This stained glass window was used by God as one of his most powerful tools in my life. That probably sounds funny from a woman who currently attends church in a gymnasium with no garnishment, chosen particularly for that reason. However, I’ve come round to the view of my ancient forebears. Stained glass has its place.
I sat in the sanctuary of this church for the first seven years of my life. My parents, grandparents, and extended family attended.
Here I tried to hold the springy chair seats down with my short, pudgy legs. Here I embarrassed my parents by my constant need for intellectual and visual stimulation during the service, once throwing a washcloth over my shoulder and onto the head of the startled woman behind us. Here I loudly informed my teenaged uncle sitting with all his friends in the back row that I was going to the bathroom to potty, thank you.
Meanwhile, Jesus smiled down on me. Quite clearly, Jesus loves children.
I didn’t realize how profoundly that window and the love of generations about me had affected me for good and for eternity until I’d moved numerous times and faced hardships far from home. These stripped away my ability to return often. I raised my own family in distant places. Our life was shaped by these trials.
My view of Jesus was formed by that window. I knew he cherished me, even long after I left childhood, long after I’d made mistakes and committed acts that rendered me quite unloveable. The love of my grandparents, who attended that church beside me and who exhibited the unconditional love that grandparents seem to specialize in, strengthened the impact.
God used that window and that love to bring me to him. To me, this is a sacred site. Homes are gone, along with grandparents, but I was overjoyed to find that recent tornados hadn’t eradicated the window. It may blow away on the prairie winds someday, but I was able to capture it on film.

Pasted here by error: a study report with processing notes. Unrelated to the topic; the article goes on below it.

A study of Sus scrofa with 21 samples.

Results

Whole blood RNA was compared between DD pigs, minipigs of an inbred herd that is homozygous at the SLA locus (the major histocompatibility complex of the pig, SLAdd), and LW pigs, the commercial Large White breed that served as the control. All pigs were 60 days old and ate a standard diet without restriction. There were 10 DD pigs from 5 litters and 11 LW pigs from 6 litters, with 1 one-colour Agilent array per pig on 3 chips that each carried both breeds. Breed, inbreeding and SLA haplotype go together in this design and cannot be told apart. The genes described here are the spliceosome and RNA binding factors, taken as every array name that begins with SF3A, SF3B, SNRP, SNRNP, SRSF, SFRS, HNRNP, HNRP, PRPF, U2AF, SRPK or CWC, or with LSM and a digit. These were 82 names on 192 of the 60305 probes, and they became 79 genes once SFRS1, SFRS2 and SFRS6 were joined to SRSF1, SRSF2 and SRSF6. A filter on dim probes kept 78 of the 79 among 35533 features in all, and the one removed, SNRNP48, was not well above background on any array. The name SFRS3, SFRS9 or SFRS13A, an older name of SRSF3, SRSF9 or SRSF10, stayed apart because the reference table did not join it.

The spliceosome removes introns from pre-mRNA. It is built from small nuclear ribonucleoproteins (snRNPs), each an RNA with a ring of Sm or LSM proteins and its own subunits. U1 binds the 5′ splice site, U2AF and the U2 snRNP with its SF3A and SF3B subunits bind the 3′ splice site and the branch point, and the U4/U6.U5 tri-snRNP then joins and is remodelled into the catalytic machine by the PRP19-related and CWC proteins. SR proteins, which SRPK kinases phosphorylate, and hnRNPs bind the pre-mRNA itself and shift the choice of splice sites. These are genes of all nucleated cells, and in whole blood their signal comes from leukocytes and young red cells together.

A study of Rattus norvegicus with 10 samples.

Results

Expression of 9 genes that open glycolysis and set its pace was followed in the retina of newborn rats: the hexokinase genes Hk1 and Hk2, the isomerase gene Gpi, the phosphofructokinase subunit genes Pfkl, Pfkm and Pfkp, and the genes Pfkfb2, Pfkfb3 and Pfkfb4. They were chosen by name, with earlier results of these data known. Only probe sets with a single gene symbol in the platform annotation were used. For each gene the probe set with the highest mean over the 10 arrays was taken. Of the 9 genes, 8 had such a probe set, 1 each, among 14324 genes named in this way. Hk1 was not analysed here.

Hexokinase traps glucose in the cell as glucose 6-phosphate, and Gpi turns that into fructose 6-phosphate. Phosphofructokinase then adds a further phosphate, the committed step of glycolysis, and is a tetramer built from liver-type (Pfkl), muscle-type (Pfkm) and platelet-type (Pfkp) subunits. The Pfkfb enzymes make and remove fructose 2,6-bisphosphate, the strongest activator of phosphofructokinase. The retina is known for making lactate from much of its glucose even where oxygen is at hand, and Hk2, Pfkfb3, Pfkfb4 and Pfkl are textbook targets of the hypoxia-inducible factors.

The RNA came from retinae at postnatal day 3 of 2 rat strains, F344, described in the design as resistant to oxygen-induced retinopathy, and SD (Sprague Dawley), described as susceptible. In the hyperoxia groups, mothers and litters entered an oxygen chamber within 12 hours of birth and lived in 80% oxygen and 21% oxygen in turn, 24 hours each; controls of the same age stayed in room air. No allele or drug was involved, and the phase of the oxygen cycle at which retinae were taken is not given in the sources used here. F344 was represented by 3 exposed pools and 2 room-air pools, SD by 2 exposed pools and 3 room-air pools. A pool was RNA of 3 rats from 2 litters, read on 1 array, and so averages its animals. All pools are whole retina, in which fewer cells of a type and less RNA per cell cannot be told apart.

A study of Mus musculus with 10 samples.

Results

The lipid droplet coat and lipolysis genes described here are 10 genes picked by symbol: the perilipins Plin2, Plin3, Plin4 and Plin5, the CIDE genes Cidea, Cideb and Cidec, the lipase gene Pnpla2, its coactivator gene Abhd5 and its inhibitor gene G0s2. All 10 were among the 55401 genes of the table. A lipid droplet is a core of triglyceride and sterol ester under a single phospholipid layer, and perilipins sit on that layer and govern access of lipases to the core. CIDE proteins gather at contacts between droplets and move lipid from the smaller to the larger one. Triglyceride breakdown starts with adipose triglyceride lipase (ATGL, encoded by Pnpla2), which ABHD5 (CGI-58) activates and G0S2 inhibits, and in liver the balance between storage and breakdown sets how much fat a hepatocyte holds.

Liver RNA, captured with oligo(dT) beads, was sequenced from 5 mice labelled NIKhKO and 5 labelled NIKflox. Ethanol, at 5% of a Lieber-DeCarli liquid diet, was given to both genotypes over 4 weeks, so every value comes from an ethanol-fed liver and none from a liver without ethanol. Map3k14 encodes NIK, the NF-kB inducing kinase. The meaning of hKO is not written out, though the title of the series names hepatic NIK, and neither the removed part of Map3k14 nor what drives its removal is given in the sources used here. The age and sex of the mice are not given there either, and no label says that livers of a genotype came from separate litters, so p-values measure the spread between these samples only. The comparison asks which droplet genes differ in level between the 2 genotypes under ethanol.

We never know what will touch the hearts of our children, but the love in that sanctuary with those people and that stained glass made me long to know Jesus and convinced me beyond a doubt that he loved me. The Holy Spirit used this anchor of my life, so he could bring me safely home. The love of Jesus is the only certainty.
We can’t go wrong by instilling that love in our children and grandchildren. They have been the greatest of God’s gifts to my husband and me. They have taught us about unconditional love. Loving them has refined and polished us.
And so, on this thirty-second birthday of our oldest daughter, my love for her continues deep and unwavering. Jesus loves perfectly, and I know I do not. But my heart’s goal is the love he demonstrates. I’m thankful that his love has filled the gaps in mine, nourishing her to radiant adulthood.
Happy birthday, dearest daughter. Though I’m a flawed and broken woman, my love for you is more sacred than stained glass. It is forever.